Saddled with mounting complaints from parents that their kids were running up big iTunes bills Apple changed its app purchasing policies. Now parents, or kids using their parent's iPhone or iPad, will have to re-enter an iTunes password when making a purchase within an existing iOS application (called an in-app purchase).
The new policy was delivered to Apple devices this week as part of a iOS 4.3 update that added several tweaks to the iOS platform. Previously, purchasing something on the App Store (and entering your iTunes account password) opened a 15-minute window, during which you (or your child) were able to make additional in-app purchases without re-entering your password.
According to The Washington Post , parents complained that, in this 15-minute period, their children had managed to rack up hundreds of dollars worth of in-app purchases on games such as Smurfs' Village and Tap Zoo. While both of these applications are free to download, their in-app purchases cost as much as $100.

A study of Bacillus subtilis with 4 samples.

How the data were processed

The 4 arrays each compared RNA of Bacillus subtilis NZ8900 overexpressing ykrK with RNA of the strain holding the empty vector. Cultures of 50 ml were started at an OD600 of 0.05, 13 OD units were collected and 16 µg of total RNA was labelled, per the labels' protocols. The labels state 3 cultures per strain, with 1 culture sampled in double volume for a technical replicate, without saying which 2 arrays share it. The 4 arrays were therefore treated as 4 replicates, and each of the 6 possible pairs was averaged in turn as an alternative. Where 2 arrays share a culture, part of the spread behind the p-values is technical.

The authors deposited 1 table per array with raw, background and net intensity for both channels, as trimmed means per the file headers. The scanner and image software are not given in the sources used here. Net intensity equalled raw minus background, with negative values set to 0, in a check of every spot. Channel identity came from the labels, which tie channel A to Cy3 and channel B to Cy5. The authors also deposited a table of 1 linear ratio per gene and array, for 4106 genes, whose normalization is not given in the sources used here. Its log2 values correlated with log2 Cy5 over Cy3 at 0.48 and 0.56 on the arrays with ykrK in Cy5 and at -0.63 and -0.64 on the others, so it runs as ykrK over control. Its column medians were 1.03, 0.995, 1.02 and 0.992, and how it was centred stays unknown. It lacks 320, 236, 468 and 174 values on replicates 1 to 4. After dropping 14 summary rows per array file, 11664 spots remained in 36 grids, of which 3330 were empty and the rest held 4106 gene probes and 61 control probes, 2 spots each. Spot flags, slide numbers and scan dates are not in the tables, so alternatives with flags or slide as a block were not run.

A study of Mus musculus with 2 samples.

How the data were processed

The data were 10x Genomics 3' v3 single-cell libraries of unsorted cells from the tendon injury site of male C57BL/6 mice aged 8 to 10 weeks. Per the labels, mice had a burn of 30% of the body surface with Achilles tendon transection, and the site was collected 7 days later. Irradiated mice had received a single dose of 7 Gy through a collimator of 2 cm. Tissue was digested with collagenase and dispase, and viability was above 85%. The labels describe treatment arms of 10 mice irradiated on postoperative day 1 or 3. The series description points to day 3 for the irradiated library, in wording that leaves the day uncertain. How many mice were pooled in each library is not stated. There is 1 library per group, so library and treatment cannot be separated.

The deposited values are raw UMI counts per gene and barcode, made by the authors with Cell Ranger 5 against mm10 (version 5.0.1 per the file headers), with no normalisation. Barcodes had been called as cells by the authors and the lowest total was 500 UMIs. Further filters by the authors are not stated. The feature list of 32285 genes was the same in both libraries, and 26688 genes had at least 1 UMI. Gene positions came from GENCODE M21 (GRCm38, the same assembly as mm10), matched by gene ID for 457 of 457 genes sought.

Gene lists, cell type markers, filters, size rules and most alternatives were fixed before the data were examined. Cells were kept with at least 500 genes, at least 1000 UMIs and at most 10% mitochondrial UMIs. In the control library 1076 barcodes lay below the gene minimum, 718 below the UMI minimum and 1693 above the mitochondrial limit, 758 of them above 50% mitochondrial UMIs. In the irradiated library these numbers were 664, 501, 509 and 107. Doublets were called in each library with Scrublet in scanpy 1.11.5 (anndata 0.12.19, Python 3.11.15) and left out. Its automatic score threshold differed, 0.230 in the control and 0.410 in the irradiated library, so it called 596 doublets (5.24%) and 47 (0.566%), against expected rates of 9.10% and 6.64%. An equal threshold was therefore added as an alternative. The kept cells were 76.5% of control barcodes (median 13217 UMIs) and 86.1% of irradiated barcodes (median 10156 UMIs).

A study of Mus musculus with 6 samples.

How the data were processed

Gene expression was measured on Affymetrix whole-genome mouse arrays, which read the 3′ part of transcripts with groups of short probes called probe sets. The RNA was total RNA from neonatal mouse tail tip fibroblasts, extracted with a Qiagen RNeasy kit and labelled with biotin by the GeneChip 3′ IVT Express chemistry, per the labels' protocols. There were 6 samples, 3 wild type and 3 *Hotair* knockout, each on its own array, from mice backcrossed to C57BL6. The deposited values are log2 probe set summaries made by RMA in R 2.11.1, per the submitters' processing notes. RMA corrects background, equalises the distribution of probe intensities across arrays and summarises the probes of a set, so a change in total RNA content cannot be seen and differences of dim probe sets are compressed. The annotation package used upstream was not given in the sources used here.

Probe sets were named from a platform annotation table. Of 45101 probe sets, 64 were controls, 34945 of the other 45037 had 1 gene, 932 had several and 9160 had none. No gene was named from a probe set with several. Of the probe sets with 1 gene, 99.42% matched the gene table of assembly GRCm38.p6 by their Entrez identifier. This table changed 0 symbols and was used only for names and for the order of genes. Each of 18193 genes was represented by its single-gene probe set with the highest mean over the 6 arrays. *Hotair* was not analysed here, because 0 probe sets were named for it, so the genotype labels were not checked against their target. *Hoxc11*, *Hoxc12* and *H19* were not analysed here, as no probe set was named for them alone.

Parents were alerted to this fact a while ago, when Capcom actually ended up putting a warning on its Smurfs' Village game--a warning that said Smurfberries cost real money. Unfortunately, children who make impulse purchases on iPhones probably aren't all that good at comprehending what "real money" is, so Apple has stepped in.
"With iOS 4.3, in addition to a password being required to purchase an app on the App Store, a reentry of your password is now required when making an in-app purchase," Apple spokeswoman Trudy Miller told The Washington Post on Thursday.
Now users are required to enter their password twice, once to download the app and once to make a purchase. Hopefully this will make people stop and think about what they're doing (or, in children's cases, prevent them from making changes all together...you don't give your kids your iTunes password, do you?) before they start making purchases left and right.
So upgrade to iOS 4.3 today! If you can, that is--Gizmodo notes that iOS 4.3 is only available for the last two generations of the iPhone, the iPad, and the iPod Touch, so some of you will have to control your kids' purchases the old-fashioned way.